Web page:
Obama and Sex Education
The wars over sexual education in elementary schools may be heating up again, this time over Senator Barack Obama’s explanation that he voted for an Illinois sex education bill to protect small children from inappropriate touching. Maybe that was his reason, Byron York writes on National Review Online, but the 2003 bill was much more than that and was not “written to protect young children from sexual predators,” as campaign spokesman Bill Burton contended.
The proposed legislation, Senate Bill 99, generally followed the Comprehensive guidelines of the prominent promoter of sex education, the Sexual Information and Education Council of the United States. SIECUS has been pushing for sex ed to start in kindergarten rather than in the 6th grade and calls for lessons on sexually transmitted diseases for the age group of 5 to 8-year-olds. The group’s basic philosophy is that each child is sexual from birth, so sexual education should start early. The Illinois bill followed SIECUS in dropping the start of sex ed to the kindergarten level. Though the bill called for sex instruction to be age-appropriate, it mandated instruction on HIV in all grades, including kindergarten. On some subjects, including alcohol and drug use, instruction would have begun in grade five. But on sexually transmitted diseases, no such delay was allowed. The prospect of 5-year-olds grappling with HIV obviously raises more questions than a mild lesson on good touching and bad touching. It also indicates that the John McCain ad criticizing Barack Obama for his support for the Illinois bill was not a “lie” as many commentators believed, but a reasonable, if minor, campaign issue.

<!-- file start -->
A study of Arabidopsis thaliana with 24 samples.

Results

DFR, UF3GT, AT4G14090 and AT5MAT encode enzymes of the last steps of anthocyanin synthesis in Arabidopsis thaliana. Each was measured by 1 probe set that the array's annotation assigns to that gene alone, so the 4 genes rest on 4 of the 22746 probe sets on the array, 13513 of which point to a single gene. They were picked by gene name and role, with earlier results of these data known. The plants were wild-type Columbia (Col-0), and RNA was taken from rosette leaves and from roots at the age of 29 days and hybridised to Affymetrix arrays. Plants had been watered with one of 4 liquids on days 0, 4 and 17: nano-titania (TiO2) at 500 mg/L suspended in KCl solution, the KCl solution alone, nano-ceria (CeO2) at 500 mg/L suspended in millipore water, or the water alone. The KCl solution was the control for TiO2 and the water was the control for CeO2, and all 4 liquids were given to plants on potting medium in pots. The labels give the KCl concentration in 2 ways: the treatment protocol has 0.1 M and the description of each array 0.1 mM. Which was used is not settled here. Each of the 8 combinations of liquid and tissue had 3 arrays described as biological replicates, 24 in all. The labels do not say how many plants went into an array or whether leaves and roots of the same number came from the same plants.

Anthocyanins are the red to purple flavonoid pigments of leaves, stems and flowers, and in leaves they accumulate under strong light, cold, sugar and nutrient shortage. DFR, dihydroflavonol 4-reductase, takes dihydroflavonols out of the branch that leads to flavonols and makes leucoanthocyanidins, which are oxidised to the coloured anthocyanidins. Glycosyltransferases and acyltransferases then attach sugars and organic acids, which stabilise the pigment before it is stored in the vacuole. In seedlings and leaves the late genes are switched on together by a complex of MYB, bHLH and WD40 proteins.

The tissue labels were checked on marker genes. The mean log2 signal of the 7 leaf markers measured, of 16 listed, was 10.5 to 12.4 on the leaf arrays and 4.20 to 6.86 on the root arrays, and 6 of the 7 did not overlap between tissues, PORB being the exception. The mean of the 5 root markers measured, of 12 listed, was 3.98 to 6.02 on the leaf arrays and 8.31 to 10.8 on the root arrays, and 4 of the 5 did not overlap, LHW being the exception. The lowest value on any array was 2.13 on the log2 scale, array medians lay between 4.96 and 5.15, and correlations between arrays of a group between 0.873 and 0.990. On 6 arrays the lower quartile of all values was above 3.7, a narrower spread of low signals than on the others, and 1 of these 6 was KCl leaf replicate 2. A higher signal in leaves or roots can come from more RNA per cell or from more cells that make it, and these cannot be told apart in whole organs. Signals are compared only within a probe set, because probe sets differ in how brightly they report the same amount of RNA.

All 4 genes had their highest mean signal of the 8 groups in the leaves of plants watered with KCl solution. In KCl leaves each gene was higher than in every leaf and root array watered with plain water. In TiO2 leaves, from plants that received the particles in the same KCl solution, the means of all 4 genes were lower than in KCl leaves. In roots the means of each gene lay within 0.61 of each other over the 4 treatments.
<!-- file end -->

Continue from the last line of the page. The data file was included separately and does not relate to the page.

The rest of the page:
A number of commentators opted to protect Senator Obama by citing only messages from the SIECUS guidelines that seem harmless for 5- to 8-year-olds. One on-line “reality check” cites these messages: bodies change as children grow older; everybody can be proud of their body (sic); individual bodies are different sizes, shapes and colors: girls and boys have many similarities and a few differences, boys and girls have different body parts: and It’s OK to say no to adults who are touching you or make you feel uncomfortable.”
None of the commentators, however, seem to have listed the more controversial SIECUS topics assigned for 5 to 8-year-olds, including these:
“Some boys and girls masturbate and others do not. Human beings can love people of the same gender and people of another gender. There are medicines that people with HIV or AIDS can take to help them stay healthier and live longer. A family consists of two or more people who care for each other in many ways, (Among 9- to l2-year-olds this becomes: Children may have a mother, a mother and a father, two mothers, two fathers or any other combination of adults who love and care for them.”)
There are also uncontroversial lessons that have nothing to do with health or sexuality: “Man and women are capable of doing almost all the same jobs. Some commercials, television shows, movies and magazines make people and things look different or better than they really are. Children sometimes have to do things they do not want to do because their parents or other adults say so.”
The above lesson points, it should be said, are from the SIECUS guidelines, not the Illinois bill backed by Obama. The bill remained vague about what the children would be taught, apart from “the latest medically factual information.” The text of the bill seemed to derive from feminist-inspired anti-harassment regulations, including stress on “male accountability for sexual violence,” and a warning about “visual sexual harassment” (a big issue among radical feminists but not among small children).The bill devoted considerable attention to homosexuality and complaints about males. In comparison, the protection of small children from predators was a minor theme.